1 December 2007

Southern Africa: 'Make the Issue of Water Attractive to the Authorities'

Victoria Falls, Northern Zimbabwe — To tackle droughts in Southern Africa, one needs to think out of the box instead of pointing fingers at obvious causes such as lack of rainfall, experts said this week during the third Zambezi Basinwide Stakeholders Forum, held in Victoria Falls, Zimbabwe.

The Nov. 27-29 gathering, an annual event, was organised by the 'Zambezi Action Plan Project 6, Phase 2' (ZACPRO 6.2), an initiative of the Southern African Development Community that aims to facilitate social and economic development in the Zambezi River Basin through improving management of its resources.

The Zambezi Basin -- one of the largest river basins in Africa -- is shared by eight countries (Angola, Botswana, Malawi, Mozambique, Namibia, Tanzania, Zambia and Zimbabwe) and is home to over 40 million people.

One of the discussions at the meeting focused on the management of water related calamities such as drought -- a common phenomenon in Africa's southern region, often blamed on scarce rainfall.

However, the reality is more complex, Dominic Mazvimavi of the Okavango Research Centre in Botswana told IPS: "Insufficient rainfall is one of the causes of droughts, but there is more to the story."

Bad management, poor decision making and lack of investment are also important causes of water scarcity and droughts, he added.

"The Zambezi River has enough water to provide each person living in the basin with 200 litres per day. So why is it that some communities do not have enough water? It is not expensive to pump water from the Zambezi."

According to Mazvimavi, droughts in general are avoidable -- if the root causes of such events are treated, rather than the symptoms and consequences.

Government's role is central in this regard. "We need to be more proactive instead of being reactive. Government participation is crucial. Unfortunately, many authorities tend to treat water as a non-priority. The development of water infrastructure has, for instance, fallen behind in many regions in Southern Africa."

Mazvimavi said it was now necessary for governments in the Zambezi Basin and elsewhere in Africa to put more funds aside to tackle hydrological problems.

"More money is needed for water infrastructure development, human resources, research, and systems to collect hydrological and climatological and scientific data. And, this information needs to be transformed into understandable knowledge, which should be made available and accessible to people at grass roots level."

Water organisations, non-governmental groups and other stakeholders should also increase efforts at making authorities more aware of water related challenges. "We need to come together and make the issue of water attractive to the authorities," noted Mazvimavi. "We have to make them realise why they should invest in water."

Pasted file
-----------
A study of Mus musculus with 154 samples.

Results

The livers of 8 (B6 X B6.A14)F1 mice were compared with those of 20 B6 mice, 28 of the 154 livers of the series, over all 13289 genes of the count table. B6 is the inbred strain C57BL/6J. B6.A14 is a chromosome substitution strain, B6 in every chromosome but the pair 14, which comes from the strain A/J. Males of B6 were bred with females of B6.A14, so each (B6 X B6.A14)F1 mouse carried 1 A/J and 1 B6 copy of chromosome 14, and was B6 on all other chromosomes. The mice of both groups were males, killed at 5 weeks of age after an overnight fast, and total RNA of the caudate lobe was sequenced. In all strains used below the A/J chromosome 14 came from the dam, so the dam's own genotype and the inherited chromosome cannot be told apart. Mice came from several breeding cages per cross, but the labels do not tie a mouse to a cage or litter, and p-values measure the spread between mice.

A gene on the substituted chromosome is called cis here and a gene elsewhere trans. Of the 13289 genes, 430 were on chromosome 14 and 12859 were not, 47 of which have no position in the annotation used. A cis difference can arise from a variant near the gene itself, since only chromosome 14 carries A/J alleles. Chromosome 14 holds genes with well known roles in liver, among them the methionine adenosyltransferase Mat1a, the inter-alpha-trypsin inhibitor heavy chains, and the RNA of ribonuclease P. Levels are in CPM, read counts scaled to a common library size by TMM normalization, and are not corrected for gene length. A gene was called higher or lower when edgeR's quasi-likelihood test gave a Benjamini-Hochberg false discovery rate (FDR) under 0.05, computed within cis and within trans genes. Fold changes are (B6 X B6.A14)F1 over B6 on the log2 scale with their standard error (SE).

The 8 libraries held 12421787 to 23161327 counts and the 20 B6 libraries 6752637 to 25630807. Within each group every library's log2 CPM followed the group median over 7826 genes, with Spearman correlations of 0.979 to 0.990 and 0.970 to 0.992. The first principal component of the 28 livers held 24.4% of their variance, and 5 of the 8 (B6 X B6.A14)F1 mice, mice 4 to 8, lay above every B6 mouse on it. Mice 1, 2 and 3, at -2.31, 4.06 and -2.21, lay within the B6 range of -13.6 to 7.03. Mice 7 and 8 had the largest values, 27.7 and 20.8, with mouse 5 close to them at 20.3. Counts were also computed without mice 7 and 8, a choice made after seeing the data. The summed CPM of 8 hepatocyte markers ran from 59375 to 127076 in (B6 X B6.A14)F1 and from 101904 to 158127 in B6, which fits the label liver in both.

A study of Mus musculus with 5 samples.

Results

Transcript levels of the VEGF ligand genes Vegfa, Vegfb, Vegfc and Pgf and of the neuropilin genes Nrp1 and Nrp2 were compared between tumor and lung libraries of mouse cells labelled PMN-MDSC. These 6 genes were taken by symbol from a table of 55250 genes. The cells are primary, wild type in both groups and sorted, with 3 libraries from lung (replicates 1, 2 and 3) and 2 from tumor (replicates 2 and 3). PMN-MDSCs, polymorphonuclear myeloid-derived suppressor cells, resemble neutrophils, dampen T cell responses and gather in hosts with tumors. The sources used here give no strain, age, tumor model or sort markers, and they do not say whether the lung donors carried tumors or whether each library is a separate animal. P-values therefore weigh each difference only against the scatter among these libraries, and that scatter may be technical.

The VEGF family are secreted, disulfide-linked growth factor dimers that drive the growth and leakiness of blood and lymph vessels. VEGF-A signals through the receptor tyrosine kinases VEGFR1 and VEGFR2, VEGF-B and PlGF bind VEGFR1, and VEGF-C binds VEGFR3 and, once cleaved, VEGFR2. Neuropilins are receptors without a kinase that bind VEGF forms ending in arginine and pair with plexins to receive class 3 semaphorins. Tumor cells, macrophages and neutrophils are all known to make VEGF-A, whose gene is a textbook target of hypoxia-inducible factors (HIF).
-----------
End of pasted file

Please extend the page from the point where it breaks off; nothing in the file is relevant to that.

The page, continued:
It is incorrect to state that the frequency of droughts in Africa is on the increase, Mazvimavi said.

"This is often claimed so by the media, but it is nonsense. Scientific evidence rejects this. According to the statistics, the number of droughts in Southern Africa has not increased over the past decades. It may be that the structure of rain seasons is changing, but this does not mean that specific regions are becoming dryer."

Sometimes what it termed drought may in fact be aridity.

"There is a lot of confusion about the difference between drought and aridity. Not every dry period is a drought, and it is a misconception that areas are drought prone," Mazvimavi explained.

"Dry periods occur in every region across the continent, even in Victoria Falls, which is not famous for being dry. This is simply due to the fact that climate in this part of the world is incredibly variable. The 1970s were a wet period, while the 1980s were dry. The key is how these dry periods are handled."

Mazvimavi said crop failure was often blamed on lack of rainfall, but that other factors -- poor land use, high population density -- should also be taken into account.

"If land is used extensively in a non-sustainable way, land erosion occurs and soil fertility decreases. This augments the chance of failed crops. This situation worsens when a lot of people extensively use the same water source."

Furthermore, "When crops are not suitable for a certain region, they have a chance of failing. To prevent this, people need to adapt their crops to the region and not the other way around."